The research of Melissa M. Morrow, Ph.D., is focused on investigating causes, treatments and outcomes of musculoskeletal diseases and disorders, with a special emphasis on women's musculoskeletal health.
Using advanced techniques in laboratory motion analysis, field-based activity monitoring and imaging, she is examining knee osteoarthritis, joint replacement and shoulder impingement.
- Sex differences in knee osteoarthritis. Osteoarthritis of the knee is a leading cause of disability in the U.S., as it affects more than 10 million adults. While both men and women are diagnosed with knee osteoarthritis at troubling rates, women have a higher prevalence and incidence than men.
Despite increased prevalence and severity in women, less attention has been given to factors potentially specific to women. The goal of this research is to characterize the differences in disease severity, manifestation and outcomes between men and women with knee osteoarthritis.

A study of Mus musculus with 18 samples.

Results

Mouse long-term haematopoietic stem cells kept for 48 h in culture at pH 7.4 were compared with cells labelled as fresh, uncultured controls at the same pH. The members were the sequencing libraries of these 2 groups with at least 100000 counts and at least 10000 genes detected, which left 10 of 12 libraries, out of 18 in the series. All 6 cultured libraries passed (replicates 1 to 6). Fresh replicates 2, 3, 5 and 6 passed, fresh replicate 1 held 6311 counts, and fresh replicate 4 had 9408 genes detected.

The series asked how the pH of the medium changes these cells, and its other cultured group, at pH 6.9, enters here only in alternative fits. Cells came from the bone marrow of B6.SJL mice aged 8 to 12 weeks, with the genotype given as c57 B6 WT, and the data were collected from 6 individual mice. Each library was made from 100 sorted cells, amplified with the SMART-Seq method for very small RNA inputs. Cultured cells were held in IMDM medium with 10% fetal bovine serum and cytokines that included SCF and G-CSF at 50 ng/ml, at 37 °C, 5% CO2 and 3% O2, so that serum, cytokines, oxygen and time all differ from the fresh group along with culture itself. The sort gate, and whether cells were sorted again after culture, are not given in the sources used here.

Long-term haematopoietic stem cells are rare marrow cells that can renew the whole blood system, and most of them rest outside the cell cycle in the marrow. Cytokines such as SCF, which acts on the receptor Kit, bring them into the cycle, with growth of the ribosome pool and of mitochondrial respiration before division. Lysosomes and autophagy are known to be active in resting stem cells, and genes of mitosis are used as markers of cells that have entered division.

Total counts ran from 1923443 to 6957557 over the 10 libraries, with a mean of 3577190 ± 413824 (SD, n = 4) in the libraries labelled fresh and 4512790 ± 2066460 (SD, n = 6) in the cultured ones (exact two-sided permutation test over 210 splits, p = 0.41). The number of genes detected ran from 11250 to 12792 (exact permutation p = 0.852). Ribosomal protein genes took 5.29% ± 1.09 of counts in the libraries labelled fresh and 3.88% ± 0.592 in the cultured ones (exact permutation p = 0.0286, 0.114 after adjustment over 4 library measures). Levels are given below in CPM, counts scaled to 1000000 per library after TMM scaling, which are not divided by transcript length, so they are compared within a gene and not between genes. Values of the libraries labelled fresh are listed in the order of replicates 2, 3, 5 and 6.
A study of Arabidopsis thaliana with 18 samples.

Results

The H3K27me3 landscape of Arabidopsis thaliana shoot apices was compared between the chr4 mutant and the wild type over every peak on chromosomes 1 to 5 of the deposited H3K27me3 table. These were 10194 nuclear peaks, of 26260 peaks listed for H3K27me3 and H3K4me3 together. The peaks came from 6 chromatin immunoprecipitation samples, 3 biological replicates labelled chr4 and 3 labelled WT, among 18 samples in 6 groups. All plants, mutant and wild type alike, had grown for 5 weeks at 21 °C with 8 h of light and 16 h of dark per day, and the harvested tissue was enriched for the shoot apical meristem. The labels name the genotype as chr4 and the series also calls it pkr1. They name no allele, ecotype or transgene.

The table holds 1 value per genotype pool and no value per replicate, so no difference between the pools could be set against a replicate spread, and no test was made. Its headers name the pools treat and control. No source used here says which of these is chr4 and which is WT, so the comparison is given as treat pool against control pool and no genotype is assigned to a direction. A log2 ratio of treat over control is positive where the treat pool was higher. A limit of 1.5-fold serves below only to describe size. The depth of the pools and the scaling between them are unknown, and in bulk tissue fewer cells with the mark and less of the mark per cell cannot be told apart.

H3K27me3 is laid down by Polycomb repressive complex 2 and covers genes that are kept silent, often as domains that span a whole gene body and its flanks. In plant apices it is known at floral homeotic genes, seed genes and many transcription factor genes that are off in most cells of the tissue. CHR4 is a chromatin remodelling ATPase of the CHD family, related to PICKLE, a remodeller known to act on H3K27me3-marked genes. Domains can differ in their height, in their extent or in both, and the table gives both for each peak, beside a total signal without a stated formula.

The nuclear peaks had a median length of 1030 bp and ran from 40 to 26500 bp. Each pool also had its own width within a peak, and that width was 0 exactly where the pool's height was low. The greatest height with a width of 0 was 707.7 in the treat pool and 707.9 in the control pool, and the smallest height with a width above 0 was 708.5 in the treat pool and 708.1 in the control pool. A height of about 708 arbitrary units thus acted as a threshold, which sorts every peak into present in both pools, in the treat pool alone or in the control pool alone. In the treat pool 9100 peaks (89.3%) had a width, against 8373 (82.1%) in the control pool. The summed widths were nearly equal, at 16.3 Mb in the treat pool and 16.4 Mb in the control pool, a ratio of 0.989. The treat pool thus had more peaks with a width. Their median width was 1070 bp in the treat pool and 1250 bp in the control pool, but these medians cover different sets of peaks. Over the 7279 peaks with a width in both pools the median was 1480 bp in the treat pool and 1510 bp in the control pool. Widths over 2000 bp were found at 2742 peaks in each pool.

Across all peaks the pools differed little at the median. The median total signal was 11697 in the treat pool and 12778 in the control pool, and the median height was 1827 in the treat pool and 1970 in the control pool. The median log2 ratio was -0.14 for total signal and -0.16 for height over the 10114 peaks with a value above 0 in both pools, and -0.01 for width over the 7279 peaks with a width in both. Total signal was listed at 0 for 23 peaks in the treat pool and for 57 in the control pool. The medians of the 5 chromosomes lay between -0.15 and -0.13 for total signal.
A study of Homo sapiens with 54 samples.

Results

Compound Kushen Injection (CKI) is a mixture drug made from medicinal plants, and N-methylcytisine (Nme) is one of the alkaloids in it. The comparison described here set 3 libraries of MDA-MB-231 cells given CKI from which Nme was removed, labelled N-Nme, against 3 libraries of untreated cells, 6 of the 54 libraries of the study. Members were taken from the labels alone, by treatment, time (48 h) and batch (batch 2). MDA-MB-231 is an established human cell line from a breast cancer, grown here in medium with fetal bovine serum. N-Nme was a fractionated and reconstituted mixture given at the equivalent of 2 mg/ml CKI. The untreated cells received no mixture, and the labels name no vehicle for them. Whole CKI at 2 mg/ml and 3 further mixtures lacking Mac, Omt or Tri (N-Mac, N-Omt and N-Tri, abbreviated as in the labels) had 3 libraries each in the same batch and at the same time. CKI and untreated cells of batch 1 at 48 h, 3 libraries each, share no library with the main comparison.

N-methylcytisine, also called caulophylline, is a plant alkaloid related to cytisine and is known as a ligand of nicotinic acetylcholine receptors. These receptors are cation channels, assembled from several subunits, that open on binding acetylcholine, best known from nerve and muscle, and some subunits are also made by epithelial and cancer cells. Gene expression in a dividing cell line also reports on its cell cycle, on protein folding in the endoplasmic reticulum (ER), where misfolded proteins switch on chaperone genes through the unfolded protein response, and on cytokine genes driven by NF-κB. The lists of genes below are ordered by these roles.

- Activity and motion monitoring in the field as evidence-based outcomes measures following rehabilitation or orthopedic surgery. Multiple projects are ongoing that use advanced devices for kinematic monitoring of subject activities in their home and community environments to enable a real-world assessment of therapeutic outcomes.
- Shoulder pain and injury in manual wheelchair users. The overall goal of this work is to identify the key factors that contribute to shoulder pain and injury in the manual wheelchair population.
With this information, Dr. Morrow and her colleagues can identify types of activities or types of loading that place a manual wheelchair user at an increased risk of shoulder pain and injury. This information can be used to aid in rehabilitation and prevention strategies to mitigate the risk of injury.
Significance to patient care
Dr. Morrow's research is aimed at improving patient care through identifying and reducing risk factors for orthopedic conditions and improving treatment through comprehensive outcomes studies.